A Mot of Rochester.

Rochester said that every man would be a coward if he durst.

Solid Satisfaction.

Joe Haines the comedian, famous for his wit and practical jokes, was one day seized by two bailiffs on the street for a debt of twenty pounds. The Bishop of Ely happened to be just passing by in his coach. Quoth Joe to the bailiffs, "Gentlemen, here's my cousin, the Bishop of Ely, going into his house; let me but speak to him, and he'll pay the debt and charges." So Joe went up to the coach, pulling off his hat. The bishop ordered the coach to stop. Joe said to him in a low voice, "My lord, here are two poor men who have such great scruples of conscience that I fear they will hang themselves."

"I will see to that," said the bishop. So, calling to the bailiffs, he said, "You two men come to me to-morrow morning and I'll satisfy you." The men bowed and went their way. Joe went also his way. In the morning, the bailiffs, expecting the debt and charges, repaired to the bishop's. "Well," said the good man to them, "what are your scruples of conscience?" "Scruples!" said the bailiffs; "we have no scruples. We are bailiffs, my lord, who yesterday arrested your cousin, Joe Haines, for twenty pounds. Your lordship promised to satisfy us to-day, and we hope your lordship will be as good as your word." His lordship saw the trick practised upon him, but was as good as his word.

Millions in It.

A man who had just finished a large consumption of Cheshire cheese at a tavern said, in allusion to its inhabitants, "Now I can say, like Samson, I have slain my thousands and my tens of thousands." "Yes," answered one of the company," and with the same weapon, the jawbone of an ass."

The Perfection of Tact.

Sidney Godolphin, who held office during several successive reigns, and in that of Queen Anne became lord high treasurer and received the title of earl, was noted for his tact, his knowledge of business, and his capacity for making himself useful. Charles II. said of him, "Sidney Godolphin is never in the way, and never out of the way."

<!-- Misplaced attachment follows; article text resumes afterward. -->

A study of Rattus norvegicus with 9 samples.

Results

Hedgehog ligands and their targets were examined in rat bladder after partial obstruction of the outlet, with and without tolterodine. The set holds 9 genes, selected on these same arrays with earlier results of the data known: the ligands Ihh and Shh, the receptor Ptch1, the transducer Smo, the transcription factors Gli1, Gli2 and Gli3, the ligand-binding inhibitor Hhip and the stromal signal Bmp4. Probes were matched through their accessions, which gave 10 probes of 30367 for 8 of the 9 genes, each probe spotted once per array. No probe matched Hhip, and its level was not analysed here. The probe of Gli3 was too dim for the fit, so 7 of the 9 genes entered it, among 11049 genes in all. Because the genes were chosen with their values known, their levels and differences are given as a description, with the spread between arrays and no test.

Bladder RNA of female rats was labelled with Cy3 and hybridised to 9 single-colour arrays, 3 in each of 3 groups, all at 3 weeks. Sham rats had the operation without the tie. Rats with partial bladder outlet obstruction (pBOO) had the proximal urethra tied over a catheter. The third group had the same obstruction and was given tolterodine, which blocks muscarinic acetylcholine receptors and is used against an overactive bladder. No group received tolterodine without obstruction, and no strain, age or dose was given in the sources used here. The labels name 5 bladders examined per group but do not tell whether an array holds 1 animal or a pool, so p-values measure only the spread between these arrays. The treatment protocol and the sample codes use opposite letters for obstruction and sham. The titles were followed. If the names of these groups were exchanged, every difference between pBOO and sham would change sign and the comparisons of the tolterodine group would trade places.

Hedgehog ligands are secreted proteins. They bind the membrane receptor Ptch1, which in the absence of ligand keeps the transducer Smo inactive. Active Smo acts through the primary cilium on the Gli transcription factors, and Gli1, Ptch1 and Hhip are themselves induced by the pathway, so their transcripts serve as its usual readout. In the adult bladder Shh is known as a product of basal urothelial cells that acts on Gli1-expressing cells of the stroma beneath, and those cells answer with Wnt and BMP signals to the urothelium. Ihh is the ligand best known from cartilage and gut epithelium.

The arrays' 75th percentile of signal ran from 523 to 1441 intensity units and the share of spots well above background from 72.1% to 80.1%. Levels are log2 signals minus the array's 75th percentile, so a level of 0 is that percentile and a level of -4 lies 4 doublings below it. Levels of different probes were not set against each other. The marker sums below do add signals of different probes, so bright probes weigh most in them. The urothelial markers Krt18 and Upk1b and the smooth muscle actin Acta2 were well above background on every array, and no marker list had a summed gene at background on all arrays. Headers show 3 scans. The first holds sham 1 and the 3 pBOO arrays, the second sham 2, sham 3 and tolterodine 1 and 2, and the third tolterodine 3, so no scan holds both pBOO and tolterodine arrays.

Fathers and Sons.

The first Protestant Duke of Norfolk, carrying the sword of state before James II. to his popish chapel, stopped at the door. The king, on going in, said to him, "Your father would have gone farther." The duke answered, "But your father would not have gone so far."


A statesman who had taken the precaution to become a Catholic on the accession of James II. was yet apprehensive lest he had in another matter offended the king. Lord Halifax said to him, "Be of good cheer, my lord: thy faith hath made thee whole."

Well Matched.

Dr. Busby, whose figure was beneath the common size, was one day accosted in a public coffeeroom by an Irish baronet of colossal stature, with,


Third Period.




A French nobleman once showing Matthew Prior the palace of his master at Versailles, and desiring him to observe the many trophies of Louis the Fourteenth's victories, asked Prior if King William, his master, had many such trophies in his palace. "No," said Prior: "the monuments of my master's victories are to be seen everywhere but in his own house."


In King William's time a Mr. Tredenham was taken before the Earl of Nottingham on suspicion of having treasonable papers in his possession.